The Emergence of Convergence

Hey yo, this post is based on a simple observation relating to the current nuttiness of natural gas and retail gasoline prices. 

The two prices have converged to parity recently, but not for the reasons we may have previously considered. It seemed more likely that the two would meet due to wintry weather boosting natty, and increasing demand boosting gasoline, but neither of these scenarios have played out. So let’s take a look at some of the real reasons for the emergence of this convergence.

1) Natural Gas: Total supply is as strong as an ox  (now around its highest level for the year)

2) Gasoline: Demand is as meek as a lamb (down 4.5% versus same 4-week period of last year)

3) Natural Gas: Storage polevaulted itself (à la Sergey Bubka) to a new record level of 3,852 Bcf last month

4) Gasoline: The national average retail price has slid 18% from the high of $3.985 in early May

5) Natural Gas: After the deficit to last year’s storage level reached 275 Bcf in June, we have now flipped to a storage surplus of 154 Bcf

6) Gasoline: Inventories in the US have just reached a five-year high for this time of year at nearly 219 million barrels

7) Natural Gas: Prompt month prices have not been below $4 in December since 2002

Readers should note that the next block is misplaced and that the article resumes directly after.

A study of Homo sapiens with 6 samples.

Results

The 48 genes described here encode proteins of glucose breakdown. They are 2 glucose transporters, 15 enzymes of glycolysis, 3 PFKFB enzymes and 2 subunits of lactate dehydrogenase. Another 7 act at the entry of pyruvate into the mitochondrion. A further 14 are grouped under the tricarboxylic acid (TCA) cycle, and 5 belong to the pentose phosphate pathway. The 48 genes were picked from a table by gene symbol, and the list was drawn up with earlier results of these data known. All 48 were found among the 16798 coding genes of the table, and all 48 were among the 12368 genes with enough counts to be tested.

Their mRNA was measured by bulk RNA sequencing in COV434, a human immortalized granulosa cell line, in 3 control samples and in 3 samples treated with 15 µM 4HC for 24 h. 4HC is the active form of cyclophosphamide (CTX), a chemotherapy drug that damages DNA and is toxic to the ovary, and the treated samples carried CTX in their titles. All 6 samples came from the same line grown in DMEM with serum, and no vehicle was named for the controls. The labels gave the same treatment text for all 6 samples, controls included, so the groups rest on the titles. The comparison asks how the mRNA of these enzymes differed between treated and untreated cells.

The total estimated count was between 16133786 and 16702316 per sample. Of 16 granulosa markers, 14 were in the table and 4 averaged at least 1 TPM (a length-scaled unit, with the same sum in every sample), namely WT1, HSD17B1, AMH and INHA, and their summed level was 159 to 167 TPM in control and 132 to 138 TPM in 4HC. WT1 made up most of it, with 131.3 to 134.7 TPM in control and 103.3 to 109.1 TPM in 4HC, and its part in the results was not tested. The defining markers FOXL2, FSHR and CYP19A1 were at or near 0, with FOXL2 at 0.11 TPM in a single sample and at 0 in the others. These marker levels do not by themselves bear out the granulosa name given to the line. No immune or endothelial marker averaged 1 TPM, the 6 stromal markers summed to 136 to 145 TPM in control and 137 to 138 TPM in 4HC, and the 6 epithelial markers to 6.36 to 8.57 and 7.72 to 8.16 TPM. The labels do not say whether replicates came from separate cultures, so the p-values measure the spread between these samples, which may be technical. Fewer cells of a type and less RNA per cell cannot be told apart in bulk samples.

8) Gasoline: Distillates are seeing year-on-year demand growth, leading to increased refining, which is ramping up gasoline production as a bi-product 

9) Natural Gas: A warmer-than-normal start to winter (hark, see left) is limiting heating demand in key regions

10) Gasoline: The disparity between distillate (=diesel) and gasoline demand is typified through their pricing. Current retail gasoline prices are up 9% versus last year, while retail diesel prices are up….20%

There you have it. There are a number of different cases of emerging convergence in commodityland™ currently, from European coal and Brent crude prices, to the narrowing spread between Brent and WTI. However, none is as oddly intriguing as the marriage of natural gas and retail gasoline prices, and the prospect of whether this trend will hold.